Satellite-derived vegetation indices contribute significantly to the prediction of epiphyllous liverworts
Jiang, YB; Wang, TJ; de Bie, CAJM; Skidmore, AK; Liu, XH; Song, SS; Zhang, L; Wang, J; Shao, XM
2014
Source PublicationECOLOGICAL INDICATORS
ISSN1470-160X
Volume38Pages:72-80
AbstractEpiphyllous liverworts form a special group of bryophytes that primarily grow on leaves of understory vascular plants, occurring in constantly moist and warm evergreen forest in tropical and subtropical regions. They are very sensitive to climate change and environmental pollution. Previous studies have focused largely on microhabitat preferences of epiphyllous liverworts and demonstrated the importance of climate factors such as humidity, temperature and light. However, little is known about the relationship between distribution of epiphyllous liverworts and macro-habitat factors at broad spatial scales. Here, we predicated the distribution of epiphyllous liverworts in China based on topographic and bioclimatic variables, as well as satellite-derived vegetation indices at a 1 km spatial resolution using presence-only ecological niche models. We used the Area Under the receiver operating characteristic Curve (AUC) and True Skill Statistic (TSS) to validate the models, and then used the Wilcoxon paired test to compare model performances. Furthermore, we applied the jackknife test to identify the important factors affecting predictions. Our results showed that the highest accuracy (i.e., AUC = 0.98 and TSS = 0.93) in predicting epiphyllous liverworts was achieved by the model that combined climatic and remotely sensed vegetation variables. The satellite-derived annual mean and minimum Normalized Difference Vegetation Index (NDVI) as well as the annual mean and minimum Normalized Difference Water Index (NDWI) emerged as the most important predictors of distribution patterns of epiphyllous liverworts, while climatic variables such as precipitation in the wettest quarter and temperature of the coldest quarter were of ancillary importance. The significant contributions of NDVI and NDWI in defining the distribution range and spatial patterns of epiphyllous liverworts, and the strong relationship between this species and evergreen forest implies that epiphyllous liverworts may be a useful indicator for forest degradation or integrity at broad spatial scales. (C) 2013 Elsevier Ltd. All rights reserved.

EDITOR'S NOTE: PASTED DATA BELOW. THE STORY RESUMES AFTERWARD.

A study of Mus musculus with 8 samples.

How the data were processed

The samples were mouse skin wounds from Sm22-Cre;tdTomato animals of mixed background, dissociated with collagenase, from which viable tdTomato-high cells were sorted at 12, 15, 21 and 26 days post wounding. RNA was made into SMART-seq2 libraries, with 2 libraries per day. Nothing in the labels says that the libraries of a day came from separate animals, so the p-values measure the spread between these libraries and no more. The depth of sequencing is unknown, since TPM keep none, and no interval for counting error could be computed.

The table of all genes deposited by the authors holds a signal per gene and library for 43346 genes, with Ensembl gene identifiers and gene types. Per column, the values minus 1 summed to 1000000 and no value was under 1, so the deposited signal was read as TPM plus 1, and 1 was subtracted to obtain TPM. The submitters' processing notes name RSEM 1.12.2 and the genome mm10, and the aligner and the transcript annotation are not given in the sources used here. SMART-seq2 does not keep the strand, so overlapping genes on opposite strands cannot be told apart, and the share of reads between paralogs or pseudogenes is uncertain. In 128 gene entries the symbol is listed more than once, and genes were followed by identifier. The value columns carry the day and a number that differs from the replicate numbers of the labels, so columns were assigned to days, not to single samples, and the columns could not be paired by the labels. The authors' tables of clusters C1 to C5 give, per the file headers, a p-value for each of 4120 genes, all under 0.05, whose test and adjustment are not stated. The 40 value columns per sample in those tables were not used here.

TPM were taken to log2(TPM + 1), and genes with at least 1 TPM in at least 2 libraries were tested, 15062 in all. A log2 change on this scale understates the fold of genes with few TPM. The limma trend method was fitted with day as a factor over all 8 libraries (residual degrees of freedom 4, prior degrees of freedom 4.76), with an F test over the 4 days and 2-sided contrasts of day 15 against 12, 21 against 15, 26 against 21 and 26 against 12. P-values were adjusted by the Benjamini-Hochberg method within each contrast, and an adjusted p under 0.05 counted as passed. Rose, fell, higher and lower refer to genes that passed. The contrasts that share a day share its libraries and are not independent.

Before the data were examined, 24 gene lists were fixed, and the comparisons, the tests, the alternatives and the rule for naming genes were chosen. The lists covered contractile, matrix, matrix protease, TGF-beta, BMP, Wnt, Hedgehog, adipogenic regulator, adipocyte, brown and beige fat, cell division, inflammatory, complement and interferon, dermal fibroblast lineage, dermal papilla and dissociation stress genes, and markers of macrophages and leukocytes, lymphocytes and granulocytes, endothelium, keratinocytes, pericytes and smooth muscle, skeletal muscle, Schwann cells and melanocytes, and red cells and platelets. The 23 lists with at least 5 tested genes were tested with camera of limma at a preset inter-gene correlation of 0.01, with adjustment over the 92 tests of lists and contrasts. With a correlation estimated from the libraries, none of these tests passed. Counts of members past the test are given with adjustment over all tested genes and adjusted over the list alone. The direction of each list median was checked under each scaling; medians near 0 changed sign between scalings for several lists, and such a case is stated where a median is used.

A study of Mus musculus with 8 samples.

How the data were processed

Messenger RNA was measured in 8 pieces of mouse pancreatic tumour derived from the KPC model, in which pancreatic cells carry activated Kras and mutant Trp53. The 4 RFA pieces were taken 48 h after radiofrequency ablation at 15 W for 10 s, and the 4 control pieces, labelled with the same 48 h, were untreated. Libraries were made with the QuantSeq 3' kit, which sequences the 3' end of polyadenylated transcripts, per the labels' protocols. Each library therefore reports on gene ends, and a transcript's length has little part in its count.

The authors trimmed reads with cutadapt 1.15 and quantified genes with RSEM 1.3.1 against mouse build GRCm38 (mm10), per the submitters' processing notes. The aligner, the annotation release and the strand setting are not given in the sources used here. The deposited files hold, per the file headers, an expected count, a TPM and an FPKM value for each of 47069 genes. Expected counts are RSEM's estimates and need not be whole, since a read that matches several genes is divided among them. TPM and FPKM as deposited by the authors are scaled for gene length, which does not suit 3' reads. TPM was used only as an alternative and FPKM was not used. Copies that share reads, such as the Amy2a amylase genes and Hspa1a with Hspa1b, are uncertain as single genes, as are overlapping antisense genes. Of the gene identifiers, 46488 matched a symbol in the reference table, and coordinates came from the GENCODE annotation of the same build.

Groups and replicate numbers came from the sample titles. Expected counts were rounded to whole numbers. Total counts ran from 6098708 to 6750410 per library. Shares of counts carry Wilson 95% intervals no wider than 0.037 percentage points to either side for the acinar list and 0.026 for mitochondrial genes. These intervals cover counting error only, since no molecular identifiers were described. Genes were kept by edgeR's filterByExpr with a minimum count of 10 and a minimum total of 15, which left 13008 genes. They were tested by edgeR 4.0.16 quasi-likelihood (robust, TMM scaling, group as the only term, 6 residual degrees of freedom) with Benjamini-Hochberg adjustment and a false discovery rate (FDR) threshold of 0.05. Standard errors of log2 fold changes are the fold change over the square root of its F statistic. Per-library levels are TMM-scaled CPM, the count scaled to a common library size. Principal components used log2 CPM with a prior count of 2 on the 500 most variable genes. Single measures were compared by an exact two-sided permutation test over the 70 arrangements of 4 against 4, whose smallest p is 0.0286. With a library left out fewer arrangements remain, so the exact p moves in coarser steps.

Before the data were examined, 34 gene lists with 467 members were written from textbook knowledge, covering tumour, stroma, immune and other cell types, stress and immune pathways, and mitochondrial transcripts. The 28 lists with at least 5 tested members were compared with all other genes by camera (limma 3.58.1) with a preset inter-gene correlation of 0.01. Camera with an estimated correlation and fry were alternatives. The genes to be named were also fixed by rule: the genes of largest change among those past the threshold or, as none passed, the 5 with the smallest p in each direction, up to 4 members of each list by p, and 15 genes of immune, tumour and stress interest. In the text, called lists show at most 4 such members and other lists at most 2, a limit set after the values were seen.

SubtypeJournal
KeywordSpecies distribution model MaxEnt Climate Vegetation Macro-habitat China
Subject AreaBiodiversity & Conservation ; Environmental Sciences & Ecology
WOS Subject ExtendedBiodiversity Conservation ; Environmental Sciences
WOS KeywordSPECIES DISTRIBUTION MODELS ; RAIN-FOREST ; POTENTIAL DISTRIBUTION ; HABITAT FRAGMENTATION ; DISTRIBUTION PATTERNS ; TROPICAL FOREST ; CLIMATE-CHANGE ; TIME-SERIES ; SENSOR DATA ; COSTA-RICA
Indexed BySCI
Language英语
WOS IDWOS:000330497600009
PublisherELSEVIER SCIENCE BV
Citation statistics
Document Type期刊论文
Identifierhttp://ir.igsnrr.ac.cn/handle/311030/44574
Collection生态系统网络观测与模拟院重点实验室_生态网络实验室
Recommended Citation
GB/T 7714
Jiang, YB,Wang, TJ,de Bie, CAJM,et al. Satellite-derived vegetation indices contribute significantly to the prediction of epiphyllous liverworts[J]. ECOLOGICAL INDICATORS,2014,38:72-80.
APA Jiang, YB.,Wang, TJ.,de Bie, CAJM.,Skidmore, AK.,Liu, XH.,...&Shao, XM.(2014).Satellite-derived vegetation indices contribute significantly to the prediction of epiphyllous liverworts.ECOLOGICAL INDICATORS,38,72-80.
MLA Jiang, YB,et al."Satellite-derived vegetation indices contribute significantly to the prediction of epiphyllous liverworts".ECOLOGICAL INDICATORS 38(2014):72-80.